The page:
The Ultimate Beekeeping Hack: How to Use Supers in Beekeeping to Boost Honey Production

What Is A Super In Beekeeping


The term super simply refers to the box that is used for the bees to keep their honey. This can be a separate box but some people use the word to describe the entire hive, although that’s not entirely accurate.

The word super is taken from the word superstructure which refers to something built on top of something else. In the case of beekeeping, that’s the box for storing honey.

If you’re new to apiculture and want to learn more about the hive setup then this guide is for you. I’ll be talking more about what a super is when to add one, and what size they typically are.

What Defines A Super?

A superstructure, commonly referred to as just a super, is an additional box added on top of your hive for storing honey. This doesn’t have to be a permanent structure.

The main parts of your hive make up what beekeepers call the 365-hive. This simply means aspects that remain part of the hive 365 days a year. But supers can be added and taken away as necessary.

How Big Is A Super?

A super is normally either medium or shallow. However, you can really use any size you’d like, there’s no hard and fast rule. Do keep in mind that the reason shallow or medium supers are preferred is that they won’t be as heavy when it comes to moving them. Once they’re filled with honey, anything large will be challenging to lift.

In terms of measurements, most supers are either 5 ¾ “ for shallow or 6 ⅝ “ for medium. But regardless of the size, they’re always called a super.

What’s The Difference Between A Super And A Brood Box?

As I have mentioned, the term super comes from the word superstructure which is an add-on for your beehive. What some new beekeepers get confused with is which part of the hive is which and that means determining between the super and the brood box.

Brood boxes are permanent parts of the hive that are used for the queen who will lay her eggs here. Young bees are raised in the brood box and, up to a point, honey will be stored here too.

On the other hand, a super, sometimes called a honey super, is used only for storing honey. Beekeepers place them on top of their brood boxes in a stack-like formation.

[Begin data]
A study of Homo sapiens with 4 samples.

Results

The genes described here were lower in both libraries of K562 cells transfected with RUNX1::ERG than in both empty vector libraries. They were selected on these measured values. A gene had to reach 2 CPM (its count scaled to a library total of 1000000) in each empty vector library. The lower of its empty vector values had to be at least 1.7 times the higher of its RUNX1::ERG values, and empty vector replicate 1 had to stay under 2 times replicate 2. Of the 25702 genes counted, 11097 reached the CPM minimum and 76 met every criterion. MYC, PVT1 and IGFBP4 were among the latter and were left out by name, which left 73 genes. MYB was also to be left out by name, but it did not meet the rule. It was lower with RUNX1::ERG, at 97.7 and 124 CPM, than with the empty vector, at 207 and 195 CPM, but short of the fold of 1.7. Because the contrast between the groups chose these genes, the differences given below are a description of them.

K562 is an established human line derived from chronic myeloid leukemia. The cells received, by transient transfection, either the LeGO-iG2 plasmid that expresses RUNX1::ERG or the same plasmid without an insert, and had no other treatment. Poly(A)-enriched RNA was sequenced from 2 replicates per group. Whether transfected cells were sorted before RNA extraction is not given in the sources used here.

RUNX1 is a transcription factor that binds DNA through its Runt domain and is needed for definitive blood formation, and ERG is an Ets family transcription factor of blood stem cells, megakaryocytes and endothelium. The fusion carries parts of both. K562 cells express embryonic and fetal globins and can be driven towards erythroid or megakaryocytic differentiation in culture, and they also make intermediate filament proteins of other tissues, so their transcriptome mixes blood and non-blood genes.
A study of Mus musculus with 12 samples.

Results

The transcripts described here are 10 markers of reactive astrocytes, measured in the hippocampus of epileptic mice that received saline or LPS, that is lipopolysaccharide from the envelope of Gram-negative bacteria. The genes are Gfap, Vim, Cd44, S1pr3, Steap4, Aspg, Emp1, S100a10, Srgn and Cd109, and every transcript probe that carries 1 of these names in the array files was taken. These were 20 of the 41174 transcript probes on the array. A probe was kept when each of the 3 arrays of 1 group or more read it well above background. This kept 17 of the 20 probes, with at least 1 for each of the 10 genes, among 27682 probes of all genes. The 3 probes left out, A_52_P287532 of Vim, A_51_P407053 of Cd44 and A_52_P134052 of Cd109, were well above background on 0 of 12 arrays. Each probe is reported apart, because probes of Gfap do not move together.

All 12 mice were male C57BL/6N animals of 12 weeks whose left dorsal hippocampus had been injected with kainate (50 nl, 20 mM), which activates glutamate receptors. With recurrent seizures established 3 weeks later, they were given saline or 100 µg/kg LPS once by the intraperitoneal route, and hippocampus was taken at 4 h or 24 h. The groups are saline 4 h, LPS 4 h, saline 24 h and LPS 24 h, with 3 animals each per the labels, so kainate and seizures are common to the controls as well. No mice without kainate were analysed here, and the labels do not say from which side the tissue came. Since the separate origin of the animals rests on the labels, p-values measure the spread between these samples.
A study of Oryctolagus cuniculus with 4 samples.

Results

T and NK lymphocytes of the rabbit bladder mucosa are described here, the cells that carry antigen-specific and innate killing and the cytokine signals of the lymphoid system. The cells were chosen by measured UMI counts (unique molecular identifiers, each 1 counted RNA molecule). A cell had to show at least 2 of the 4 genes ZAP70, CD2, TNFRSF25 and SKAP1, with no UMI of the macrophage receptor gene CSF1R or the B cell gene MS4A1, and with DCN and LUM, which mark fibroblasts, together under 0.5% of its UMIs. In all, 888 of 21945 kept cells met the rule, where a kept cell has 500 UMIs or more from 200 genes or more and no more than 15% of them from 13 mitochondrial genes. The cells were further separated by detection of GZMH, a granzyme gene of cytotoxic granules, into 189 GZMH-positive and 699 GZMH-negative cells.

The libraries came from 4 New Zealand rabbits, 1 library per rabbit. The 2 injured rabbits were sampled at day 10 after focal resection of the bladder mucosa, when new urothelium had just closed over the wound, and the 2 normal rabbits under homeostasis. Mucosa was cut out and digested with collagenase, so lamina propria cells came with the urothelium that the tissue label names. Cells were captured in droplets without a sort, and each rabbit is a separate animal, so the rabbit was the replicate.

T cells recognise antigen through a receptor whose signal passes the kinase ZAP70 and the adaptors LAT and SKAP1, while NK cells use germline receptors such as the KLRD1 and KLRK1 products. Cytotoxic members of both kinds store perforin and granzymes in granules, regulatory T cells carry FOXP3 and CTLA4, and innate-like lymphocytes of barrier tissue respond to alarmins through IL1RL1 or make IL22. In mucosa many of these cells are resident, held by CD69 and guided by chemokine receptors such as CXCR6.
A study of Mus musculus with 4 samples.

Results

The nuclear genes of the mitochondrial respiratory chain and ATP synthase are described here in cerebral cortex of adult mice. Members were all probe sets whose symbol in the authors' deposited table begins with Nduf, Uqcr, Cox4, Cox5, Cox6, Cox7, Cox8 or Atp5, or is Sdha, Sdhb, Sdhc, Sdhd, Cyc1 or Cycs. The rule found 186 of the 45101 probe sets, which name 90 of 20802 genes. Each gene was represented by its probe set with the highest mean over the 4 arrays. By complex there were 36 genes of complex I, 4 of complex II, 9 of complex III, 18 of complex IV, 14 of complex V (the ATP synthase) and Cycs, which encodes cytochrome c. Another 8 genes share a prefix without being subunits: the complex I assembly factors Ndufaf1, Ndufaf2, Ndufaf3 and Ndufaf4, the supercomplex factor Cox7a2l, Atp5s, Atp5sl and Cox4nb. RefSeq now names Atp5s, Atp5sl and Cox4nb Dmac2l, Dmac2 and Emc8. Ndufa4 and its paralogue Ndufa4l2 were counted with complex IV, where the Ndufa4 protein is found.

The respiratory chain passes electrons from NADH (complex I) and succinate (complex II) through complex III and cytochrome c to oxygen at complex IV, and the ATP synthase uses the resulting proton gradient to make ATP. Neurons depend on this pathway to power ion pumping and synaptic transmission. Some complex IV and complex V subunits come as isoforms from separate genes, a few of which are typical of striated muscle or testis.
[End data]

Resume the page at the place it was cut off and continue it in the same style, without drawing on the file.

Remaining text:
One thing to keep in mind is that the queen will not be able to access the super, although worker bees can come and go freely, storing their honey here.

In order to keep the queen out of your honey super, it may be necessary to use a queen excluder. This isn’t essential but a lot of apiarists like to use one and it’s simply a metal or plastic bar that is placed above the brood box. There’s enough room for the workers to get through but since the queen is larger, she won’t fit. The benefit of this is that she won’t start laying eggs inside the super.

When Do I Need To Add A Super?

If you have a Langstroth hive then you will add your super to the top part of the hive. Understanding when to add a super means keeping an eye on what’s happening in the brood box. If there are ten frames and eight of them are filled with pollen, brood, and honey then it’s time to think about adding a super.

What I would say is to take action sooner rather than later. If you’re sitting on the fence and wondering whether adding a super now is the right thing to do then it’s definitely better to do it too early as opposed to too late. If you don’t add one in time then there’s a risk of the bees swarming and heading off to find a new home. In these cases, you could lose as many as half of the members of your colony.

That said, there are a few things to consider when adding a super to your hive early. The main problem comes from pests like moths which means you will need to keep a close eye on things.

Another question that new beekeepers ask is how many supers do I need to add to my hive? There’s no cut-and-dry answer to this question because it’s going to be different in every situation. You’ll need to use your judgement to figure out how many supers the bees will need until you return to the hive.

If you’ve got a well-established colony then it’s possible that they could fill a new super within just a couple of weeks. If you’re not planning to return before this, then I’d recommend adding an extra super.

Plus, over the course of the season, it’s a good idea to regularly inspect your hive to see whether any further adjustments need to be made. Beekeeping doesn’t take up huge amounts of time but paying close attention to what’s going on is of the utmost importance.

What Happens When The Super Is Full?

If you’ve got a full super then the good news is that it’s time to start harvesting your honey. Please keep in mind that you must leave plenty of honey for the bees. This is the food that they’ll use to survive through winter.

If you’re in your first year then it might be necessary to leave all of the honey for the bees and wait until the following year to harvest. Generally speaking, the bees will need around 50 lbs to survive through the winter.

Final Thoughts

There’s certainly lots of lingo to learn when you start beekeeping but don’t worry, it’s pretty easy once you get your head around it. A lot of people want to know what is a super in beekeeping and while it might sound fancy, it’s just a word used to describe the box added to the top of the hive to store honey.